Astronomy Picture of the Day
August 27, 2013

On the Edge of Arsia Mons
On the Edge of Arsia Mons

Credits: NASA/JPL/Arizona State University (ASU) - Credits for the additional process. and color.: Dr Paolo C. Fienga/Lunar Explorer Italia/IPF

In this VIS image, taken by the NASA - Mars Odyssey Orbiter on June, 29, 2013, and during its 51.200th orbit around the Red Planet, we can see a very small section of the Southern Rim of one of the Giant Martian Volcanoes known as Arsia Mons (whose name comes from a corresponding Classical Albedo Feature found on a map made by the Italian Astronomer Giovanni Virginio Schiaparelli, which so named it after the legendary Roman Forest known as Arsia Silva, and which is the Southernmost of three Giant Volcanoes collectively known as Tharsis Montes). Arsia Mons is located on the so-called Tharsis Bulge, near the Equator of Mars. To its North, there is Pavonis Mons, and then, farther North of Pavonis, there is Ascraeus Mons. On the other hand, the tallest Volcano in the Solar System, such as Olympus Mons, is found the North/West of Arsia.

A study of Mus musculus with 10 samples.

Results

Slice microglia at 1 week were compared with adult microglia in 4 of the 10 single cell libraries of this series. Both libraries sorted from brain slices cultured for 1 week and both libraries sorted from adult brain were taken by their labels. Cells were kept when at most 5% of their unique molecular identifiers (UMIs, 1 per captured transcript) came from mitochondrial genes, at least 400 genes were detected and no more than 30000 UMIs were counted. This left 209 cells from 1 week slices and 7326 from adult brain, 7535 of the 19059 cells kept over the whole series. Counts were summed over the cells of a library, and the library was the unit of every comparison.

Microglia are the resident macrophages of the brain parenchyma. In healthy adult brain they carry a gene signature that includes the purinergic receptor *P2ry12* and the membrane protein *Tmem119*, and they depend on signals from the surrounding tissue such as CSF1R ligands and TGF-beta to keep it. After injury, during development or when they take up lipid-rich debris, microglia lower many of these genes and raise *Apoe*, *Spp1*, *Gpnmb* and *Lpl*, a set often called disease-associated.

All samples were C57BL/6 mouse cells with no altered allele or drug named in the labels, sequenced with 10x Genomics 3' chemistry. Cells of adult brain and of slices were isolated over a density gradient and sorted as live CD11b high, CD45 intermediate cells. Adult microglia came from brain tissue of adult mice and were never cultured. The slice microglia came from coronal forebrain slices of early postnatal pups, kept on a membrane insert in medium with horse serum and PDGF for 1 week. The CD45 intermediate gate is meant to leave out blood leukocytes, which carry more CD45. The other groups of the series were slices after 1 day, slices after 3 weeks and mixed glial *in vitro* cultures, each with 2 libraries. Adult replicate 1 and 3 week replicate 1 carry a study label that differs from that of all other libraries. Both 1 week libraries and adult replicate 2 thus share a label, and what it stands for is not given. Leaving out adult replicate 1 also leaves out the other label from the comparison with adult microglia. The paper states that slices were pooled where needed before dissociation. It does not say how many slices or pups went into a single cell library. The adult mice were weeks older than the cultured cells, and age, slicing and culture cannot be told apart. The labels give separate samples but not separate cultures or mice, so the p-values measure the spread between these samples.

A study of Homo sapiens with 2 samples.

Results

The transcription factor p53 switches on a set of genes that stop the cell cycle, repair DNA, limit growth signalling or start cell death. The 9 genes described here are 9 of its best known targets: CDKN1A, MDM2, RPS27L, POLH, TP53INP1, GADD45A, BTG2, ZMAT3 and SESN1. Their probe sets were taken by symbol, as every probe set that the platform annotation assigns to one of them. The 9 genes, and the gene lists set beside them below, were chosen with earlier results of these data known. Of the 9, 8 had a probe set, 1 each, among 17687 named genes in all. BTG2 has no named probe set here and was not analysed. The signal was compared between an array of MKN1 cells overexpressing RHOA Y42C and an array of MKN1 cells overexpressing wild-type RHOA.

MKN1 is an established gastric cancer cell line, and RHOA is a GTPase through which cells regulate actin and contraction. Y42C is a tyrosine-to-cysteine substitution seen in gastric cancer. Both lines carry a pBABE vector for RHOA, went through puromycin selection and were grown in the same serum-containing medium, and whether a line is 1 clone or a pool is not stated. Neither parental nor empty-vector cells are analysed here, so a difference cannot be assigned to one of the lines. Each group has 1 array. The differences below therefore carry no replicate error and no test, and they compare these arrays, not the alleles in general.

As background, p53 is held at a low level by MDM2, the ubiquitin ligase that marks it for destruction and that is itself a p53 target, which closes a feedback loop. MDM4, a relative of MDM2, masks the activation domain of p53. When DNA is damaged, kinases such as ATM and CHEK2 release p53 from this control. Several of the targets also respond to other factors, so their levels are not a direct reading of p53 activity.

Arsia Mons is a so-called "Shield Volcano", it possesses relatively low Slopes and a massive Caldera, located at its Summit. From a Geographic point of view, we can say that Arsia Mons, of the three Tharsis Montes, is the only major Tharsis Volcano that can be found South of the Martian Equator. Arsia Mons is approx. 435 Km (such as a little more than 270 miles) in diameter, almost 20 Km (such as about 12,4 miles) tall and more than 9 Km (such as 5,58 miles) higher than the Surrounding Plains. Last, but not least, its Summit Caldera is roughly 72 miles (approximately 115,87 Km) wide.


Latitude (centered): 10,169° South
Longitude (centered): 239,951° East
Instrument: VIS


This frame (which is an Original Mars Odyssey Orbiter b/w frame published on the NASA - Planetary Photojournal with the ID n. PIA 17348) has been additionally processed, magnified, contrast enhanced, Gamma corrected and then colorized in Absolute Natural Colors (such as the colors that a human eye would actually perceive if someone were onboard the NASA - Mars Odyssey Orbiter and then looked down, towards the Surface of Mars), by using an original technique created - and, in time, dramatically improved - by the Lunar Explorer Italia Team.